Sweden’s Kosovare Asllani has a very different view of the Women’s World Cup third-place match to Phil Neville, who labelled it a “nonsense” game, and it is fair to say that plenty of her compatriots agree. When the Sweden team returned from the victory over England that secured a bronze medal they were greeted by 30,000 fans in Gothenburg.
“A sign of a nation that is proud of us,” says Asllani, the midfielder who scored her country’s opening goals against Chile and England. The staggering reception came as a pleasant surprise to a squad not wholly aware of the momentum building back home during their run to the semi-finals.
“It’s always hard to know because you’re kind of in your own world,” Asllani says. “You’re just preparing for the next training, next game. Obviously we heard a little bit that people are like going crazy in Sweden and really watching the football in all sports bars and outdoors and we just felt like the whole the whole country was behind us. We had our prime minister at two of our games, our prince came.
“Having 30,000 looking so happy and proud and just celebrating our medal … It’s not only our medal, we feel like the medal belongs to the whole nation and the next generation, all the young girls that really, really looked up to us and have us as role models because that’s what it’s all about and hopefully will get more girls to start playing football.”
It is a similar narrative from almost ever player at the World Cup: the need to inspire and push the game forward. Yet while the bronze medal helps drive that growth in Sweden, and tempers their semi-final defeat by the Netherlands in extra time, the pain of that disappointment cannot be wholly shaken.
“I feel like we could have won that game; we hit the post a couple of times,” the 29-year-old Asllani says. “If I compare our team with them, we’re not far away. I mean, I feel like we can compete with them.
“It’s a weird feeling because it’s horrible to lose a semi-final because you always dream of playing the biggest game. But we’re a team that is going to improve all the time so chances are we will be at the top there again at the next World Cup or Olympics next year.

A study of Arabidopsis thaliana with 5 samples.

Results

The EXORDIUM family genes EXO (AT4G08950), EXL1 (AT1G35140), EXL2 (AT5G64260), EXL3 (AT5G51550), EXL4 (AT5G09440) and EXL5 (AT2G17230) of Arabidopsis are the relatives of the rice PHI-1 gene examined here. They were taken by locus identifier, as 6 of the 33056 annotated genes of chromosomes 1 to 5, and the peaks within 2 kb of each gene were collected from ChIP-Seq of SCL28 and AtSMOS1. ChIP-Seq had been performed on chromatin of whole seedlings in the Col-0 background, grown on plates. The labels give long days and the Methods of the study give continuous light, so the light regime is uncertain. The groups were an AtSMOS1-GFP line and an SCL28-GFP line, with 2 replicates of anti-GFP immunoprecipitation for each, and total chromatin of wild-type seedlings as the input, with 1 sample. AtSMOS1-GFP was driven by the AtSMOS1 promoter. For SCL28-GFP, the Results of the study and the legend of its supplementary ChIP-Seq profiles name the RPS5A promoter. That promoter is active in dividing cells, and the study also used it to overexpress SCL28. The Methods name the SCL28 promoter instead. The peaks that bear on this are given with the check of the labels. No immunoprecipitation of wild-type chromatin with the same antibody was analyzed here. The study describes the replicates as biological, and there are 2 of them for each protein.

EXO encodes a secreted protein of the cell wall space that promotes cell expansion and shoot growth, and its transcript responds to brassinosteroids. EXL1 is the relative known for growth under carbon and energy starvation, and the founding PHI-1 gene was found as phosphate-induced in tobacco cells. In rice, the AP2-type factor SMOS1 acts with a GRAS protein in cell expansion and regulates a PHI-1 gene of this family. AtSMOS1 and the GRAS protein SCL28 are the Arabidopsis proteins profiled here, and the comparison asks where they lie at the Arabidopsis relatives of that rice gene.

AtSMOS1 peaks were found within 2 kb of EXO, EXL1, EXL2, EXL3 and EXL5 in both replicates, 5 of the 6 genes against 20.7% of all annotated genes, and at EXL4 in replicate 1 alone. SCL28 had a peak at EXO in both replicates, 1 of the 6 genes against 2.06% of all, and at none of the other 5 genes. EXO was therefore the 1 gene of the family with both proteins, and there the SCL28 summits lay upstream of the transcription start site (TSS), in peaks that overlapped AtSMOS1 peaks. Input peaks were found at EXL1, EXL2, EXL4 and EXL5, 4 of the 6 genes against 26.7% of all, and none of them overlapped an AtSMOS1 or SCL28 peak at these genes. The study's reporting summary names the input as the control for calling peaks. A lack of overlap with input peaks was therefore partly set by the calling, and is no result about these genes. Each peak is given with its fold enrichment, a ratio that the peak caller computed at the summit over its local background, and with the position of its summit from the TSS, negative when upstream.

“So the first feeling is disappointment, the next feeling is revenge. You’re kind of just longing for the next tournament with the team, which is the Olympics.”
Asllani’s winning mentality is encapsulated by her response to the England manager’s “nonsense” remark regarding the third-place match. “Every game is important,” she says. “So it surprised me to hear that; if my coach had said that I would have been surprised.”
Taking third place, after a bruising semi-final, mattered. “I think if you finish fourth that’s probably the worst position you can come in. I mean, you’re so close to the medals. If we had lost the last game, I would have a complete different feeling now. Because then I would feel like everything we had done so far didn’t matter at all.
“So that’s why I’m really proud that we could come back, even though we played extra time, had one less rest day and we had to travel. We didn’t have all the conditions, but we made the best out of it as we could. So I’m just proud that we could come back after that loss against Netherlands and show in the first half against England what kind of football we want to play and that Sweden is not just a team that wants to defend.
“We like to play attacking football and we’re still building the team and trying to improve all the time. We’re a strong team and we showed that the Sweden is a team that you can count on and never count out.”
In 2015 England pipped Germany to third place and the significance of returning with a bronze medal was a world away from the views expressed by Neville. Perhaps he was protecting his team after a difficult defeat by dismissing the game’s importance, but it is impossible to turn away from the fact that the Lionesses’ medal in Canada was a game changer for the development of women’s football in England.
Asllani, whose technical, skilful box-to-box play was at heart of Sweden’s success, hopes their bronze can be similarly catalytic to women’s football in Sweden, which has historically led the way but has been overtaken by a number of European leagues.
“I feel like we’ve inspired the next generation in Sweden, not only girls, but also boys,” she says. “Before this World Cup I knew it was going to be the biggest, when it comes to marketing and everything, in history.
“I felt like we reached out to a completely different and new audience in Sweden. I really felt like we had Sweden behind us. I mean, it was two and a half million that watched our semi-final and we only have like nine or 10 million people in Sweden – that’s a huge number for women’s football.”
Asllani, whose Kosovan parents mean she is a poster girl for the immigrant communities of Sweden, has played in two Olympics: London 2012 and then Rio 2016, where Sweden handed the USA a shock quarter-final defeat on the way to a silver medal. They lost to Germany in that final, a result they feel they avenged in France in the quarter-final.
The significance of being one of the top three European teams at the World Cup and earning the trip to Tokyo next year is not lost on Asllani. “We’re ranked ninth in the world [now sixth]. So I feel like at the end of the day we should be proud of the Olympics and a bronze medal. Obviously we always want to win but I’d rather have a medal than no medal at all.”
Now, there is no time to rest. The Swedish season begins imminently. “I feel like the body just wants to rest and it’s not really allowed to rest so much,” says the Linköping player. “It’s a really technical schedule during the World Cup, so the body says I’m going to lay down. I’m just gonna probably need three, four days just sleeping.
“But at the same time you have a good feeling because you know that you gave everything and it was worth it because you came home with a medal.”